Tuesday, August 21, 2012

Canadian newspaper sells a three-month contract at double the size to an account who had just dropped out

Account turnover is something that constantly frustrates newspaper ad reps. An advertiser runs, has little success, and moves on to another media, convinced that they just witnessed firsthand what they've heard about print being dead. Or that nobody's buying in this economy. Or that your publication is too expensive.

So, a big part of newspaper ad sales is keeping advertisers happy: ensuring that the accounts who are already running get a response (by constantly revisiting and troubleshooting) and by giving those who do drop out a compelling reason to come back into the newspaper and run properly.

That's exactly what one newspaper in Toronto, fresh off of my Response Oriented Selling course, did recently when a full-service hotel decided to stop advertising after testing the newspaper.

"Teaching your Response Model did exactly what you and your course said it would," said the ad manager. "It showed him the enormous potential if he advertised differently and he was immediately excited."

The Response Model allowed the ad rep to slide over from the "vendor" mode to the "partner" mode. The ad rep worked with the prospect on the overall approach to getting a response, and moved on to find out what people actually care about when choosing one place over another for a wedding reception. That turned into the headline as well as the detail they got into underneath.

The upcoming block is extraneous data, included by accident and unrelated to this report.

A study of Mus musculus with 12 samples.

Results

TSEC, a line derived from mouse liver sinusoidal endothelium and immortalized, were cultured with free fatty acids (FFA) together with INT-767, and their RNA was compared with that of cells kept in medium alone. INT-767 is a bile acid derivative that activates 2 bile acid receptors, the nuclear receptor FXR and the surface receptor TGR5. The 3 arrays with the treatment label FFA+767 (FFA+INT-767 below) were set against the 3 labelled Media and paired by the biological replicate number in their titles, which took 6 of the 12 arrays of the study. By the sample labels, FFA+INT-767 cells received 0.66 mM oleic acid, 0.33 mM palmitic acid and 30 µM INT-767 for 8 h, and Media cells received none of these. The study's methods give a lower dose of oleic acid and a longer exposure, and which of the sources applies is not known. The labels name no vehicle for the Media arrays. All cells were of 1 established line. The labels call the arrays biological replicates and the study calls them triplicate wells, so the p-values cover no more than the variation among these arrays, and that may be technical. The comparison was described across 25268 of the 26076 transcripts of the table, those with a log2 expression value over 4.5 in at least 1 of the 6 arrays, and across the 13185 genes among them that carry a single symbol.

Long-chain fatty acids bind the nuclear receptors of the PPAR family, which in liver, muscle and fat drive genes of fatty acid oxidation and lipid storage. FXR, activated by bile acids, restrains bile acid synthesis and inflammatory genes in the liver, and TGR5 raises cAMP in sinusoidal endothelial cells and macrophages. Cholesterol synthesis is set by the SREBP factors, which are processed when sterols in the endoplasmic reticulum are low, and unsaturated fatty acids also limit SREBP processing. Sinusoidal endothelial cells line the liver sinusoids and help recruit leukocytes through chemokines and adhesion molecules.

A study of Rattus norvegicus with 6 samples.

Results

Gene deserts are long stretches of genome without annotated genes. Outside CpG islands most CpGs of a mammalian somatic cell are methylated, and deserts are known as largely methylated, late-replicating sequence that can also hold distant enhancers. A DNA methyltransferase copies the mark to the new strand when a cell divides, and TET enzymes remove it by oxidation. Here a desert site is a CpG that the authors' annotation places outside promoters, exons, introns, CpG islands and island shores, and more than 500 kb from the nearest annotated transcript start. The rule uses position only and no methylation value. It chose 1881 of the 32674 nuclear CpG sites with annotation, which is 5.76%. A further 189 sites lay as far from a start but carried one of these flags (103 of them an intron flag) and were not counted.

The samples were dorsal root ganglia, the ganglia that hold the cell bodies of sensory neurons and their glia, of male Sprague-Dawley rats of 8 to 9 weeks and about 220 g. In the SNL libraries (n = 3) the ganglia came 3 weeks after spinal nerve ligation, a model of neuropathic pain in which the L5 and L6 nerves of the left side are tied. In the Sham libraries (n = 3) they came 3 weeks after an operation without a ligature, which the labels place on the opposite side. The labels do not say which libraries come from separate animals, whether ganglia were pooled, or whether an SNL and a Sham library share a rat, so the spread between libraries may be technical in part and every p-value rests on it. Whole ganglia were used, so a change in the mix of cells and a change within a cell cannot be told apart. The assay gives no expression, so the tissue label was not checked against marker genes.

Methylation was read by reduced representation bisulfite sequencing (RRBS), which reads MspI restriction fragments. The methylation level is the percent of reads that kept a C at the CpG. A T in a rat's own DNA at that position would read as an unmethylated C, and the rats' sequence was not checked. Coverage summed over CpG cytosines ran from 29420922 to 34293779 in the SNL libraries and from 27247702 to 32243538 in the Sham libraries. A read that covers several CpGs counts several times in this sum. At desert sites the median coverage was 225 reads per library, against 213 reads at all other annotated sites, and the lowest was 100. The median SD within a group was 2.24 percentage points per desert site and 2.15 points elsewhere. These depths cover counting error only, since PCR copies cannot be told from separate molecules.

When the ad rep and manager returned with a spec ad, the account signed a three-month contract for half pages (up from quarter pages previously).

"This process went a long way to strengthen our relationship with the hotel and enabled us to add some real value that competitive publications just don't know how to do."

We all know we need to leverage the spec ad to make the sale, but not in the way commonly used by most newspapers, which is simply having designers come up with something attractive and presenting it to the prospect. Sure, that works sometimes, but to sell the larger ads and contracts, it really helps to use non-traditional approaches to eliminate the hard-and-fast assumptions that lead prospects to believe advertising is a risk and that there's nothing wrong with their ad and that it's the newspaper's fault.

Next time, try drawing a new, more effective approach to advertising out of them based on their own life experiences. If you do it right, even the most jaded, difficult prospects will become believers and spend the money they need in order to succeed.